On Friday we ran our first ever CALF day- Cambridge Archaeology Learning foundation. Covering everything from what archaeology is, what we study, what it tells us and how it gets there, CALF sessions introduce the essentials of archaeology to those aged 7-11. The sessions are taught in the classroom, using a wide range of fun, hands- on activities using real artefacts.
Foxton Primary school welcomed us for our first ever CALF day were we spent the morning with a mixed year 3 and 4 class. After a brief introduction explaining what archaeology is (we don’t do dinosaurs!), we demonstrated some of the tools we use, and the kind of objects we find. Many of them had heard a bit about archaeology before, and were keen to share what they had found in their own gardens. There is nothing like some practical learning however and we soon started on our activities. Pupils loved digging through their own ‘midden’ looking for seeds to identify. Historical maps pulled on other subject skill areas as did looking at real animal bones. They had great fun identifying what the mystery skeleton was and handling a real lion skull! Pupils got to identify pieces of pottery from ACA’s excavations – and were amazed to realise that some of the pottery they held in their hand was over 2200 years old!
The second half of the morning we looked at understanding how we can tell how old objects are, and what does and does not survive. It’s a tricky concept to imagine, but with our handy ‘excavation’ in the classroom, pupils were able to dig through different layers and find objects. We then looked what the objects can tell us about the past. It may just be a bit of old pottery to you, but what did people use it for? What can it tell us about the technology of how it was made? Where is it from and what trade routes brought it here? Pupils then got to put these ideas in to practise by being the archaeologists themselves. They examined boxes of objects from different periods and came up with their own interpretations.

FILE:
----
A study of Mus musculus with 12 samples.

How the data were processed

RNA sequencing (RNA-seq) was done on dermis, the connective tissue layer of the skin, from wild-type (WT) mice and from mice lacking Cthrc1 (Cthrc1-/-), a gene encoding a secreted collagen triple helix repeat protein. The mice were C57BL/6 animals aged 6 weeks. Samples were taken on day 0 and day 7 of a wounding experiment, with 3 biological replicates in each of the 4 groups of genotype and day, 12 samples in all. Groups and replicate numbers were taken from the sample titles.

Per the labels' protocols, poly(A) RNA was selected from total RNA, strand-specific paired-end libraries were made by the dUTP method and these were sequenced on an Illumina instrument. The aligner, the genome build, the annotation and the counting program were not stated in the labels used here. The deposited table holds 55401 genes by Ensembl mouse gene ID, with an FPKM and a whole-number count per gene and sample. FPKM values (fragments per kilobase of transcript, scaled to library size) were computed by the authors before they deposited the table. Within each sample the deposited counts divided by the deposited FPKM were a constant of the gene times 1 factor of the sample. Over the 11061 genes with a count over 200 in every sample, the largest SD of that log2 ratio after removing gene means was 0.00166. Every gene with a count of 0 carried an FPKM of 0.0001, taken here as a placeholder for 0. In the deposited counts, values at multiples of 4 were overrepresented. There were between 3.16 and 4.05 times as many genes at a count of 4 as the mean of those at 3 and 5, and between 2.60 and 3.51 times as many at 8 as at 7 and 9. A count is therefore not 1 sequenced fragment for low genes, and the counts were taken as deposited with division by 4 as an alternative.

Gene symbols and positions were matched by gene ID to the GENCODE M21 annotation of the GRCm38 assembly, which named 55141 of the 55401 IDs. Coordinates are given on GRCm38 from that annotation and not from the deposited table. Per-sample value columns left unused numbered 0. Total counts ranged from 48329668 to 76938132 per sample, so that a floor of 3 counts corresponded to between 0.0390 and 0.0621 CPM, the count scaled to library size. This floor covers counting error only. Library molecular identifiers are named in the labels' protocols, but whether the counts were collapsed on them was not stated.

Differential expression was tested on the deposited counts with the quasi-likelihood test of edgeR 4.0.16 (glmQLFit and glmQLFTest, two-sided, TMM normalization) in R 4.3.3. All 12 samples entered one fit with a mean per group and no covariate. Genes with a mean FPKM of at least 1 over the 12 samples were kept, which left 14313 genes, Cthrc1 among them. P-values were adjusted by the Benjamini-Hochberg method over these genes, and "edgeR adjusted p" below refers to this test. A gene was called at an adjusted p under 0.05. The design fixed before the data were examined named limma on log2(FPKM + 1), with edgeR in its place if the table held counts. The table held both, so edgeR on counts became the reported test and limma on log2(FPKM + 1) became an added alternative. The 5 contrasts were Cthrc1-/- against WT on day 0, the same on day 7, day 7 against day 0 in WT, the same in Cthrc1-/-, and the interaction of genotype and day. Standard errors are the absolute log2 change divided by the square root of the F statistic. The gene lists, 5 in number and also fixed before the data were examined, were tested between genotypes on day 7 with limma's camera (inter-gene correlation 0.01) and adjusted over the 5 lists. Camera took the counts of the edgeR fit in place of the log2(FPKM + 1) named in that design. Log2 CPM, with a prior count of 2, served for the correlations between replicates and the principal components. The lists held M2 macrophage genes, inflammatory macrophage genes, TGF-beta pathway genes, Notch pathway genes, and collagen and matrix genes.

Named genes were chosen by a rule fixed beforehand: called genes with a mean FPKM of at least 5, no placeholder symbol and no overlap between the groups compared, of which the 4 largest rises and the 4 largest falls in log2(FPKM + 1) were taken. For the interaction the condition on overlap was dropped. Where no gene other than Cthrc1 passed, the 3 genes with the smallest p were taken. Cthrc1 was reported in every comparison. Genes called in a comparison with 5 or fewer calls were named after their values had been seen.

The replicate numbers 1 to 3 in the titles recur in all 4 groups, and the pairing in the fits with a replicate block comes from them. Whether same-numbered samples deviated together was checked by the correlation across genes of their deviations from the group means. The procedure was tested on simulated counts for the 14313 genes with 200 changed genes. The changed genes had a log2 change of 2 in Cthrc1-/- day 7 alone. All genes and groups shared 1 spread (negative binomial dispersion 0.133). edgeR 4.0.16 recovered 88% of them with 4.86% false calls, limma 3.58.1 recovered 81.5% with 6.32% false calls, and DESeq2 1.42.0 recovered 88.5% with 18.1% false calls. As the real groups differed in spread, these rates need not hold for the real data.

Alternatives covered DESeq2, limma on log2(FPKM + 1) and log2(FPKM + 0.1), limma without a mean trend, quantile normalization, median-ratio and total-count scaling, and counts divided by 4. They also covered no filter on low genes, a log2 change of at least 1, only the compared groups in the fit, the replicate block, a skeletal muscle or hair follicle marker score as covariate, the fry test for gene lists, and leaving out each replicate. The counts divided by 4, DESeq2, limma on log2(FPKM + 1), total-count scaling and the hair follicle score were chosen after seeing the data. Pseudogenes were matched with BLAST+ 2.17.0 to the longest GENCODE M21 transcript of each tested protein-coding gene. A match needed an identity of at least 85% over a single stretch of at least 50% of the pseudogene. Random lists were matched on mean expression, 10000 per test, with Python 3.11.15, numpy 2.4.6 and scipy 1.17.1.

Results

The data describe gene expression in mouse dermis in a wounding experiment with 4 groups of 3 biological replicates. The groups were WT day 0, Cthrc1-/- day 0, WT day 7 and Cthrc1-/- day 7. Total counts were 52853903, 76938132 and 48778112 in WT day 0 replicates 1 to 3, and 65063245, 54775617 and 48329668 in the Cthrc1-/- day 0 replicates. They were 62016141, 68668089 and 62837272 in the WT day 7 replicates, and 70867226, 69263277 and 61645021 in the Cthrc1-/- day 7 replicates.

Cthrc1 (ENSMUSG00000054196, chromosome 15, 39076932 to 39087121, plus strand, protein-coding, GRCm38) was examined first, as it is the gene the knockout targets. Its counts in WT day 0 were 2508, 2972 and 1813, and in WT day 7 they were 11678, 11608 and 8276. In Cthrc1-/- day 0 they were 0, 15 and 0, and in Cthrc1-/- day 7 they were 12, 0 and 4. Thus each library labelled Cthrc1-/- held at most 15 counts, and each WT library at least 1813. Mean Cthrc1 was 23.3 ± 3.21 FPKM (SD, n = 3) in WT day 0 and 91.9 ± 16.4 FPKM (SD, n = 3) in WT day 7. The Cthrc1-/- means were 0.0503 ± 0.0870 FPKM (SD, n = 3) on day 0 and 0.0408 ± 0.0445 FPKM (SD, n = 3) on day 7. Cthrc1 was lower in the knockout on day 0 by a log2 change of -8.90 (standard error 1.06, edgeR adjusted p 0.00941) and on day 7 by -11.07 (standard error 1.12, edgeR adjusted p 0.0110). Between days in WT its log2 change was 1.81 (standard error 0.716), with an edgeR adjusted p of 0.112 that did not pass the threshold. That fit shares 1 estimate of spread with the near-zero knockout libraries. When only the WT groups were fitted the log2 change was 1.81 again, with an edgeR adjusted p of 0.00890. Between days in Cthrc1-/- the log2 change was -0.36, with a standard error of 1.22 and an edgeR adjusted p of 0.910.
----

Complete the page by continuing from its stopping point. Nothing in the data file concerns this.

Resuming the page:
It was all great fun, and was repeated with a mixed year 5 and 6 class in the afternoon. The content worked well for all age groups, as archaeology is such an interesting subject, there are always more questions you can ask about the past. The rest of the school didn’t miss out on the fun however! At assembly time we played a game of Call my Bluff with some of the more unusual objects from the Museum of Archaeology and Anthropology. Archaeologists have to interpret objects to understand the people who used them, and everyone had a great time guessing what the objects were.
The sessions are designed to hit the overarching aims of the National curriculum for history and as such introduce students to ideas of historical enquiry, concepts of change, and how we use evidence. Importantly they also help demonstrate the depth of time; rather than focusing on one time period, pupils understand how they all fit together. It’s important to build on pupils’ knowledge however so examples can be linked back to topics pupils are currently studying.
Overall the days were very well received, with feedback from staff at Foxton Primary school giving very positive reviews highlighting “The combination of hands-on learning and lateral thinking” and “A good mix of both hands on and thinking. Great range of artefacts. I particularly liked the use of drawers to demonstrate the layers of earth.” Having had such a fantastic first go we are keen to offer the sessions to more schools! Sessions are currently structured as a half-day with each class but can be modified according to schools needs and budget.